It was New Year’s Day and a day of national celebration… but that’s not the reason for the galaxy of radiant 10,000-kilowatt smiles.
It was a day sun-lit happiness permeated from the souls of all present – but that’s also not the reason for the galaxy of smiles. Nor was it a national convention of happy smilers!
There’s a simple explanation: the smiles (and their owners!) gathered at the President Shahabuddin Ahmed Park in Gulshan to bid a fond farewell to Sir Frank Peters, their foreign friend.
Sir Frank left Bangladesh yesterday on a special charity assignment for a European royal family that may not see his return for some time.
“His departure gives us no joy whatsoever, but knowing he will be helping other less fortunate people is of great consolation,” said Ali Akbar, co-ordinator of Sir Frank’s charity projects in Bangladesh.
Sir Frank, a former newspaper and magazine publisher and editor, came to prominence in Bangladesh when he campaigned successfully to ban corporal punishment in schools. The beggars in Gulshan call him “Bondhu Hasse” (the smiling friend) because he only gives money in exchange for smiles. He also takes photos of their children and gives the parents prints. “A photograph of a beggar’s child is as precious to his or her mum as any other mum,” he said.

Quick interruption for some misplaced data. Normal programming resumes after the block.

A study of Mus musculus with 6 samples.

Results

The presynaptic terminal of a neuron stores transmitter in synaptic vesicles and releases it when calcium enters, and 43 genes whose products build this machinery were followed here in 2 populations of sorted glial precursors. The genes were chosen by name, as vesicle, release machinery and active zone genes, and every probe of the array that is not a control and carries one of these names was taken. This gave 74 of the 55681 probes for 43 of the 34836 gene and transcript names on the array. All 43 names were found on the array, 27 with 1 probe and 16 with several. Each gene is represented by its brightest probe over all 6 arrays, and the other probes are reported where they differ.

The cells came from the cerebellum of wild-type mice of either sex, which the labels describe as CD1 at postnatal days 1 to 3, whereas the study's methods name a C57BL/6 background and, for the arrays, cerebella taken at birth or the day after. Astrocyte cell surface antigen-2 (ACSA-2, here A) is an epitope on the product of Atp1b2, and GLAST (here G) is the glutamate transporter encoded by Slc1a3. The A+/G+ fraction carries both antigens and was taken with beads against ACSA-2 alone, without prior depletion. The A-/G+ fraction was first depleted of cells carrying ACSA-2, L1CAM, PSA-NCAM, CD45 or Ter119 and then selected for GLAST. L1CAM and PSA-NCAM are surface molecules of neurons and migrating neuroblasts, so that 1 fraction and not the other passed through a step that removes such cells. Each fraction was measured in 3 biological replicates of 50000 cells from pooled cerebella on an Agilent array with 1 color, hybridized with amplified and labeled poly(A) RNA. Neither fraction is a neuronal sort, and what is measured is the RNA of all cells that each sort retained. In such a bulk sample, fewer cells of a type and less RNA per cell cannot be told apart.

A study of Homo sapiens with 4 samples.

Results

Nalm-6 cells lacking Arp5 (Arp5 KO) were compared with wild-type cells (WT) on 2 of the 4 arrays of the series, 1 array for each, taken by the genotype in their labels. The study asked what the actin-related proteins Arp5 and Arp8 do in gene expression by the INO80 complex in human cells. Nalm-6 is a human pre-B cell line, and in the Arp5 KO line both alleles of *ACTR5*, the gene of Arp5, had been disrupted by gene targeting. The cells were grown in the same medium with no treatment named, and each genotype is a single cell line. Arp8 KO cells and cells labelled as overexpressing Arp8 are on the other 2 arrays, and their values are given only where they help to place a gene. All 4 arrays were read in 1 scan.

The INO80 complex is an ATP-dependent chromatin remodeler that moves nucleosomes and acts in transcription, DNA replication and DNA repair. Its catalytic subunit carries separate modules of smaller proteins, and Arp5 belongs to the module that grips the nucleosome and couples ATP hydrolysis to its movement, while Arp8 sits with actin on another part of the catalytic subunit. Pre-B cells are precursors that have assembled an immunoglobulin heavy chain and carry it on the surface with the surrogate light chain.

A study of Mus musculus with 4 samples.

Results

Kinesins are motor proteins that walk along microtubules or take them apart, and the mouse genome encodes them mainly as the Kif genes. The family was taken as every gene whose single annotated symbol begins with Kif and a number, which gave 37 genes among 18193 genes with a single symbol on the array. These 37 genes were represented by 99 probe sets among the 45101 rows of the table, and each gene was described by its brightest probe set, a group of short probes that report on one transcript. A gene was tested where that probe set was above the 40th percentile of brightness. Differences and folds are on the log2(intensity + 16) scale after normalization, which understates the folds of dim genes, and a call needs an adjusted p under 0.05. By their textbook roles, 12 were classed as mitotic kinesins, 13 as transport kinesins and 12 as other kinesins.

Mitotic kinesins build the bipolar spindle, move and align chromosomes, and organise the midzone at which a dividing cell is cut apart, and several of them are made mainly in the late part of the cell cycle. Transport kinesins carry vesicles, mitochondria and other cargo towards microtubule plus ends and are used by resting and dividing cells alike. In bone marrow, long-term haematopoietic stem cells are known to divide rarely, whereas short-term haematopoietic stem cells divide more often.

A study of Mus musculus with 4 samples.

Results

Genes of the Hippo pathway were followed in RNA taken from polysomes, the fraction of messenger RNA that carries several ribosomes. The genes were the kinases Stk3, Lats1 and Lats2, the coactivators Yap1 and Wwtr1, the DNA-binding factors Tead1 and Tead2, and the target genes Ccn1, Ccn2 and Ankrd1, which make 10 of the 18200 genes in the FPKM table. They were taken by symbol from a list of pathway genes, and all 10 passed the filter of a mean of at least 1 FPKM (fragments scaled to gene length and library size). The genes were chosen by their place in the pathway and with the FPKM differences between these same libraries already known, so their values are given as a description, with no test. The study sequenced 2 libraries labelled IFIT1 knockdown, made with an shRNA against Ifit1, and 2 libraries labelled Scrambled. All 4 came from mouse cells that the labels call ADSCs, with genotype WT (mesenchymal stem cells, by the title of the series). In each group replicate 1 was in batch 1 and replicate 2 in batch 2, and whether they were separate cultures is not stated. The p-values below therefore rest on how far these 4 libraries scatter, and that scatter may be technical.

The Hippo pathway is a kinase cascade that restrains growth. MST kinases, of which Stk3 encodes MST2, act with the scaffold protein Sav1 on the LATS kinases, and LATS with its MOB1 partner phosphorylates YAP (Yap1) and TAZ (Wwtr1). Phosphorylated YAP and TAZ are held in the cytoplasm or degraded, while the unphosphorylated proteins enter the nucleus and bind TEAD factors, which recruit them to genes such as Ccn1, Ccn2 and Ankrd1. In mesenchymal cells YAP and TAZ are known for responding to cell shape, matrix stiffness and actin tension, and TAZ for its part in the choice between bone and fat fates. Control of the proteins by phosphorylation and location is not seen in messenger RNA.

Musa Ibrahim, the first Bangladeshi to conquer Mount Everest, said: “Since the anti corporal punishment law was introduced in 2011, Sir Frank has received heaps of birthday, Christmas and New Year greetings from grateful students. Adding to his unique achievements, he’s the only foreigner to have two baby boys named in his honour by two separate families Mamun and Tanya Ali and Ali and Poppi Akbar. Not even a Bangladeshi can boast of that,” he said.